Remember last year when I wouldn’t shut up about flowers and spring? Maybe you don’t because you weren’t following me yet, but if you did, it’s similar to the way I won’t shut up about cold food. Anyway, my love for flowers still exists (though I’ve been quiet about it this year) and as much as I enjoy fresh flowers, there’s no possible way to always have them around throughout the year. So, what’s a girl to do?
Until very recently, I never really thought about displaying silk flowers around the home. I have flashbacks to 90s silk flowers my mom used to have *ahem* still has lying around somewhere *ahem* that obviously looked like fake flowers. The ones that look all plastic-y. It wasn’t until I came across flowers at the craft store that I saw how much silk flowers have improved over the years.
I was instantly in heaven. Peonies, ranunculus, and dahlia galore. I obviously wanted to buy them all. But I couldn’t because I don’t have $1000+ to spend on
fake silk flowers. So I bought a few because they were having a sale and because I also had coupons (score) and decided to make a flower letter! I was inspired by the ones at Urbanic Paper and Honestly Yum, and I knew using silk flowers would make the flower letter last longer.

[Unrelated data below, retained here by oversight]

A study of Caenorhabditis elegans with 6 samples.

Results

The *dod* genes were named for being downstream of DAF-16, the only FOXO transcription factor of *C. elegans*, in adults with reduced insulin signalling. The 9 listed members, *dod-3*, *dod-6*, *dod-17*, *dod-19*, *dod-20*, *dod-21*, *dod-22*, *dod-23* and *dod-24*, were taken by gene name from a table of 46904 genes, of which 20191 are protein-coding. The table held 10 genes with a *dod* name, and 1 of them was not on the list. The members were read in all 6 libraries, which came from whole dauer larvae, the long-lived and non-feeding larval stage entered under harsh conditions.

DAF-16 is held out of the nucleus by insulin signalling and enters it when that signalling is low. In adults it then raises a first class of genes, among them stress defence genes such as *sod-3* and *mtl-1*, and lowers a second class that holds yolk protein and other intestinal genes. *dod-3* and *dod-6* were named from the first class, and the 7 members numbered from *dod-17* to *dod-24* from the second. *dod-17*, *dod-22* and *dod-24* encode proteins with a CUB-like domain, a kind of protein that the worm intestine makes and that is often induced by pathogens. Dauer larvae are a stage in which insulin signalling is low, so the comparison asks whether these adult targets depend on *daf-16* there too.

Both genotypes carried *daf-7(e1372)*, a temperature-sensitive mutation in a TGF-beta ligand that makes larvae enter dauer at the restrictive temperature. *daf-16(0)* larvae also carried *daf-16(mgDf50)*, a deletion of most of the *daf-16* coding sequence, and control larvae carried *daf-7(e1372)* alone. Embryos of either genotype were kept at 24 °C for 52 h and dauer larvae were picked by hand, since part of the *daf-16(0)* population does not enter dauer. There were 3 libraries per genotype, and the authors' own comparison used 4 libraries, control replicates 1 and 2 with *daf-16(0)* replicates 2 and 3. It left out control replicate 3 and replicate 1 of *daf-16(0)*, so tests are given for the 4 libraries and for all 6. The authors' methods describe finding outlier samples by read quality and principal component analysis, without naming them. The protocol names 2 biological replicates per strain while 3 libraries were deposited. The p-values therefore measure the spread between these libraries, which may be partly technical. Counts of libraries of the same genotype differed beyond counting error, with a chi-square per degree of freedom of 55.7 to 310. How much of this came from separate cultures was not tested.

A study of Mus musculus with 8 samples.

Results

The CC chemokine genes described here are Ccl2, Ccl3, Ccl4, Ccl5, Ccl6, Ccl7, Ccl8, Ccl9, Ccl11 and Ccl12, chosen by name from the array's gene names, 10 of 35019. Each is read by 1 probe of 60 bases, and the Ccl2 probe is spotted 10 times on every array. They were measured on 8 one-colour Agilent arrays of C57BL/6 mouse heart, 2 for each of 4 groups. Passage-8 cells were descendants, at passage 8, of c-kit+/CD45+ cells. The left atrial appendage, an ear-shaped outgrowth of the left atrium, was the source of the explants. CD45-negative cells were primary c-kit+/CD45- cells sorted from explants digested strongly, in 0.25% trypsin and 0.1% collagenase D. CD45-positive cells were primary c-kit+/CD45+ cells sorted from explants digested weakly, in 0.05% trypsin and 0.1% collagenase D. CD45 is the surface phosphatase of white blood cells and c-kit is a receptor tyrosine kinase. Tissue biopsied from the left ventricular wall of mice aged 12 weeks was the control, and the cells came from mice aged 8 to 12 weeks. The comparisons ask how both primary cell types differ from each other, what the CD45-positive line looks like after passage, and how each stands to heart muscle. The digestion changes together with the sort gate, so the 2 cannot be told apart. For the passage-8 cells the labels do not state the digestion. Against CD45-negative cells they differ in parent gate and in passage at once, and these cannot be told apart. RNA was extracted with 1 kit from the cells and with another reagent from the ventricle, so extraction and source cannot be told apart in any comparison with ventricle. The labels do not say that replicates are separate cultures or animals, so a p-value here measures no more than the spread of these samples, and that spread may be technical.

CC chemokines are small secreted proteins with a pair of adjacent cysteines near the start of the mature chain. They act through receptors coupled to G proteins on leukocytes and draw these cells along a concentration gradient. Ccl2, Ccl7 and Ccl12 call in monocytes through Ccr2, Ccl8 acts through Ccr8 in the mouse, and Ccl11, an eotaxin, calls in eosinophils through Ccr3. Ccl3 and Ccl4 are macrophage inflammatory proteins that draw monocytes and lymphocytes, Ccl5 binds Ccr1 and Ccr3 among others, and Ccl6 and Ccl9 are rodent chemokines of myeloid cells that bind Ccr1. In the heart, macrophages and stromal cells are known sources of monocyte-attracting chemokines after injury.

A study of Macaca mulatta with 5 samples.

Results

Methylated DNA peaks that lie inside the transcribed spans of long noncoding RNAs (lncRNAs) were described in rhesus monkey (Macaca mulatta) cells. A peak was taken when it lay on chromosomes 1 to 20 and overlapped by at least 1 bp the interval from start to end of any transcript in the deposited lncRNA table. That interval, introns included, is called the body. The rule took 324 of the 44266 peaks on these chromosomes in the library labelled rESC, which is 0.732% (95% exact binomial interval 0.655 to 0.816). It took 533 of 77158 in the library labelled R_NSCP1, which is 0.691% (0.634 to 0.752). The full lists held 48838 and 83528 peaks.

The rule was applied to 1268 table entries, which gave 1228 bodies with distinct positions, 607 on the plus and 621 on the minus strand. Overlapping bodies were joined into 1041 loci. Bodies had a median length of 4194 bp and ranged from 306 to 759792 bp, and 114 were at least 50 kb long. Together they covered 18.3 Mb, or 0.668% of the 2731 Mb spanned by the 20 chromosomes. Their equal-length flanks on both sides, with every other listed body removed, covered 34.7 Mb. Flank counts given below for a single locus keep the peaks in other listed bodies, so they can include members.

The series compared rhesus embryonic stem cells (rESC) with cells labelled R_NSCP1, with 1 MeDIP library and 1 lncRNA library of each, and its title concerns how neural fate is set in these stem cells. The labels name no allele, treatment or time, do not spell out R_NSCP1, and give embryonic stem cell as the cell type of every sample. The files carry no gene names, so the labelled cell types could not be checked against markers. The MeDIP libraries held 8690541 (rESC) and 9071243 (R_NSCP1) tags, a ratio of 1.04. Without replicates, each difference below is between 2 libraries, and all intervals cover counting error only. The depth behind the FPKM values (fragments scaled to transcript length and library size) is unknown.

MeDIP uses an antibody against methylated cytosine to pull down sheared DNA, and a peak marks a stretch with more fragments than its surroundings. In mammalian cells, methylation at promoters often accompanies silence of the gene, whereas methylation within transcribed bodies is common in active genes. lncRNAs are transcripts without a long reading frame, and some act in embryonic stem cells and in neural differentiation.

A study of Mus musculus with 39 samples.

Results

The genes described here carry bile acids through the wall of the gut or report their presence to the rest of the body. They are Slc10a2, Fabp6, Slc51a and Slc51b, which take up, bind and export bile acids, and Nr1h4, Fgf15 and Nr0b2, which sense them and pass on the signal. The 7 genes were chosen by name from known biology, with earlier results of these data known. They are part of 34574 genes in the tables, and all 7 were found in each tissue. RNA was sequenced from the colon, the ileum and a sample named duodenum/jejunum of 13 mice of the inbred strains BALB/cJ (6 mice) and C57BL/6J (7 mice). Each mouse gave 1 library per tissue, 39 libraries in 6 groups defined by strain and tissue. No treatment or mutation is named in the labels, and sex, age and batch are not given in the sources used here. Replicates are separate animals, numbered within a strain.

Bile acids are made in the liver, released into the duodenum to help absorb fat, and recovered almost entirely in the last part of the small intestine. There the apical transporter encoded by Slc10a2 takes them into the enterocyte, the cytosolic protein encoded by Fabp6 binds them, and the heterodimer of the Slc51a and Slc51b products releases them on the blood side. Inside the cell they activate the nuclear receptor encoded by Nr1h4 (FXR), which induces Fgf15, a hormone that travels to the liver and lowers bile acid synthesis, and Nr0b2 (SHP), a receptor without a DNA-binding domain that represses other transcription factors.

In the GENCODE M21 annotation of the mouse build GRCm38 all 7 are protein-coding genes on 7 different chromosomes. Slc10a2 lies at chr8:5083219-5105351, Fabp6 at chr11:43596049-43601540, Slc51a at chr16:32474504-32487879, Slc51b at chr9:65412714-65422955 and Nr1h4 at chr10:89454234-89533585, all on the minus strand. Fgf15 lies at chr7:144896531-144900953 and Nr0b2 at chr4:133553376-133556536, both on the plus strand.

So after a little fun with a glue gun, I came up with this!
DIY Flower Letter
- Silk Flowers, medium-sized and small, in coordinating colors
- Paper mache letter
- Glue Gun + Glue
1. Cut the silk flowers off the stems as close to the flower as possible. The closer you cut, the flatter the flower will lay down on the letter.
2. Arrange the silk flowers. This is all based on preference, but I prefer the shape of the letter to show a little. I really like the shape of the paper mache letter and wanted that to still show through when the letter was completed, so I was very careful to not add to many flowers over the edge.
Start by arranging the large flowers. Spread out similar looking flowers if possible so that there is more texture to the letter. Once you’re happy with the placement of the large flowers. Start adding the small flowers. Use these flowers to add more variety to the arrangement and to fill in most of the gaps on the surface.
3. Once you’re happy with the arrangement, start gluing the flowers in place. I recommend taking a photo of the arrangement before starting, so that if any flowers are knocked out of place, you can match them up to the photo.